Welcome back to Science in Fiction! Today I’m going to introduce you to Wil McCarthy, an engineer and scifi writer. If his books are anything to go by, he’s also a lot of fun.
McCarthy has done a lot to advance and popularize the idea of programmable matter, which refers to any substance whose properties can be changed according to programming, whether those changes arise from user control or autonomous response to stimulus. “Programmable matter” originally described a physical network of programmable computing elements, but subsequent technological advances mean that it’s now used to describe the ability to change actual physical properties, not just simulated ones.
I’ll try not to say anything substantial about the plot of McCarthy’s Queendom of Sol quartet, which has some really lovely worldbuilding and fascinating characters. Basically, the success and prosperity of this solar-system-wide monarchy is largely due to the use of programmable matter in a specific form: quantum dots.
Quantum dots, for the applications in these books, are essentially fake atoms—electrons that are constrained so tightly in all three dimensions that their wavelike properties take precedence over their particle-like ones. (Maybe I should do a post on wave-particle duality?) This causes the electrons to move as if there were a nucleus of protons and neutrons, when in fact there isn’t.
In McCarthy’s novels, this is used for…well, almost everything. A sparse silicon lattice provides the framework for these pseudo-atoms and allows them to be controlled by a user, who can change the material properties of the substance by altering the number of electrons in the dots. This produces what is close to a post-scarcity society, with any material or element imaginable at anyone’s fingertips. The materials aren’t as durable as the real thing, but that hardly matters when you can replace them so easily!
The other technological linchpin of McCarthy’s system is the use of miniature black holes, which (for reasons that I won’t try to explain here) allow instantaneous communication across the solar system. Together with quantum dot technology, they result in “quantum teleportation” or faster-than-light transmission of the total physical makeup of an object or person, which is usually dematerialized on one end and recreated on the other. This is potentially fraught for those of us who like to worry about whether we’re really the same person if all the atoms in our bodies change out every few years, but for everyone else it’s a highly convenient way to travel.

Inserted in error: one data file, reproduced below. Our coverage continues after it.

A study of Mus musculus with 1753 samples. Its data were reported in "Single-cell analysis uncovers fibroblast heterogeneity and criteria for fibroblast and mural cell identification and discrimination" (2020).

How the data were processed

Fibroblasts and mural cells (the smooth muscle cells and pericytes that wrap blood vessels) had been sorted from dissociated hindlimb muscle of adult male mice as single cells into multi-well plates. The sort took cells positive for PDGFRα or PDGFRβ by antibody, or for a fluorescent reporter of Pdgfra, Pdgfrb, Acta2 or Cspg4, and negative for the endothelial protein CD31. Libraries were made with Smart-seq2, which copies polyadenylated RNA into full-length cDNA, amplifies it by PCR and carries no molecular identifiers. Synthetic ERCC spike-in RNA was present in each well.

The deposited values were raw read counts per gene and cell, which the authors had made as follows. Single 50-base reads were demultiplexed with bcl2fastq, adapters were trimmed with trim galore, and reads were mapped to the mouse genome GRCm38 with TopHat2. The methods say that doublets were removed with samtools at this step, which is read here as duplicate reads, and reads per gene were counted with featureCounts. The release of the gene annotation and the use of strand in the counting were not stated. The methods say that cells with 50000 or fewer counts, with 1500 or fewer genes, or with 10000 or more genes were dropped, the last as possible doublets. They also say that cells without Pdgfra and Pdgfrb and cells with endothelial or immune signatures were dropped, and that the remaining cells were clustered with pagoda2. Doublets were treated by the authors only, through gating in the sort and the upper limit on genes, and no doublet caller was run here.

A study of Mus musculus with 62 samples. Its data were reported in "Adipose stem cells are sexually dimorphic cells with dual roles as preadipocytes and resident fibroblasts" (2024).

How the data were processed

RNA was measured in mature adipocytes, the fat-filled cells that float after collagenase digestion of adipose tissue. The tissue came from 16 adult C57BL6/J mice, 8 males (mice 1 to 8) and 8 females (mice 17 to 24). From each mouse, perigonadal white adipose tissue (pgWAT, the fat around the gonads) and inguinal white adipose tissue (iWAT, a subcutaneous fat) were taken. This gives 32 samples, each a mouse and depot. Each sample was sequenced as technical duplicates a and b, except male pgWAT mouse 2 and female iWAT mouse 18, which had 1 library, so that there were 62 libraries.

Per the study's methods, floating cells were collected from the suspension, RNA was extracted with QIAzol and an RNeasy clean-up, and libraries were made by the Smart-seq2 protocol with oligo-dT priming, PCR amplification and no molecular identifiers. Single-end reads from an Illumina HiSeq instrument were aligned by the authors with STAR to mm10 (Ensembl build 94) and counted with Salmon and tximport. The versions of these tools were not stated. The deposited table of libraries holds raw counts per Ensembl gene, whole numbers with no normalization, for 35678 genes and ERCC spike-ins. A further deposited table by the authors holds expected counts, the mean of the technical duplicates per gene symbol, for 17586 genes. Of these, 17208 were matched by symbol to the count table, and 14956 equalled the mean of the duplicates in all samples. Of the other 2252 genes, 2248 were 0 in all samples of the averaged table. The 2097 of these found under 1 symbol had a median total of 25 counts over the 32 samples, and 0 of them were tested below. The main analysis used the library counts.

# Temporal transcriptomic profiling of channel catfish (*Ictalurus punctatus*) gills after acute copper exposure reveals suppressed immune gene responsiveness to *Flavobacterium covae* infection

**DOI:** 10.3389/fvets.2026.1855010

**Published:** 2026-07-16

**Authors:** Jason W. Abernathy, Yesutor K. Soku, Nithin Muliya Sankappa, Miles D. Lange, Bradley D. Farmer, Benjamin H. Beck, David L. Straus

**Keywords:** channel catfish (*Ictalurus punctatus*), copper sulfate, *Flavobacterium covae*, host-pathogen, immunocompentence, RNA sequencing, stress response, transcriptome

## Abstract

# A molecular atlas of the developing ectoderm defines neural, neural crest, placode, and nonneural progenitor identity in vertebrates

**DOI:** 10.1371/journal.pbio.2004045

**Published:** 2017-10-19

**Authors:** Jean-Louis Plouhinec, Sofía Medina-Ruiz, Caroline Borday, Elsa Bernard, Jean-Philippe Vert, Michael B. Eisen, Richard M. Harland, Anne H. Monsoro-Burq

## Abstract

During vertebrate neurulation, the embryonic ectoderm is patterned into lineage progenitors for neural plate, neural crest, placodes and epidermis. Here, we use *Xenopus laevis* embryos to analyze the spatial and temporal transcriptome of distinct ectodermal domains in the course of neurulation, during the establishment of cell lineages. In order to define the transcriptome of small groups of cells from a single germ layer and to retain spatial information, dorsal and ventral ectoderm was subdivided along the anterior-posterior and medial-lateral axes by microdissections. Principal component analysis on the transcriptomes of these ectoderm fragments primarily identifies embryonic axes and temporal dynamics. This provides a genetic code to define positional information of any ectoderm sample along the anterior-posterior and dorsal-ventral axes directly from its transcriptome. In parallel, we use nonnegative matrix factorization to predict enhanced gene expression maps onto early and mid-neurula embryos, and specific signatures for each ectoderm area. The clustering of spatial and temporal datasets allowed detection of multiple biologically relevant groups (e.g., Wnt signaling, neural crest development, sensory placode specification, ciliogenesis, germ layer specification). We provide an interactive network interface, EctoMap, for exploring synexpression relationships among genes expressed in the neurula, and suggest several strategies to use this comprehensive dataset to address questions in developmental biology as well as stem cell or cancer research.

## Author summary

Oh, and it makes everyone functionally immortal—McCarthy’s word of choice is “immorbid”—since they can always step into their “fax” machine and print themselves younger (or uninjured, or with purple skin).
This, combined with the communications network and general abundance of quantum-dot material resources, gives McCarthy a nice hard science underpinning for an almost utopian setting. Everyone lives forever, looking exactly the way they want to, surrounded by interesting creations and able to travel and communicate on a whim.
You might imagine that such a system would produce complacency, which would make it all the more catastrophic if things ever went wrong. Not that that actually happens in the books—no, no, a set of four novels about a perfect society where nothing goes wrong sounds very entertaining, doesn’t it?
McCarthy does (I think) a really nice job of considering the inevitable problems that would arise with a post-scarcity society of immortals. What happens to the youth when their elders never get out of the way to let them have any real power (with more generations of “youth” accruing all the time)? How do people react to any trouble with the communication and “fax” systems that allow the lifestyle to which they’ve become accustomed?
In terms of the way McCarthy uses science, what I love is that he creates a setting that feels almost like a fairy tale—with a good queen, a happy realm, magical peace and prosperity—and backs it up with science to explain the magic. In this process, he doesn’t destroy the somewhat whimsical, quirky fairy-tale sense, partly due to the occasional use of appendices to explain the science rather than forcing the reader to get through it to move on with the story. The elements of fantasy work really well to emphasize that in some ways, the technology involved is at the level of being indistinguishable from magic.
In my opinion, Wil McCarthy strikes a great balance between science and worldbuilding, has one of the best character-development-to-hard-science ratios I’ve come across, and is just a lot of fun to read. Give him a try and let me know what you think! (You can also read his 2003 nonfiction book on quantum dots, Hacking Matter, here.)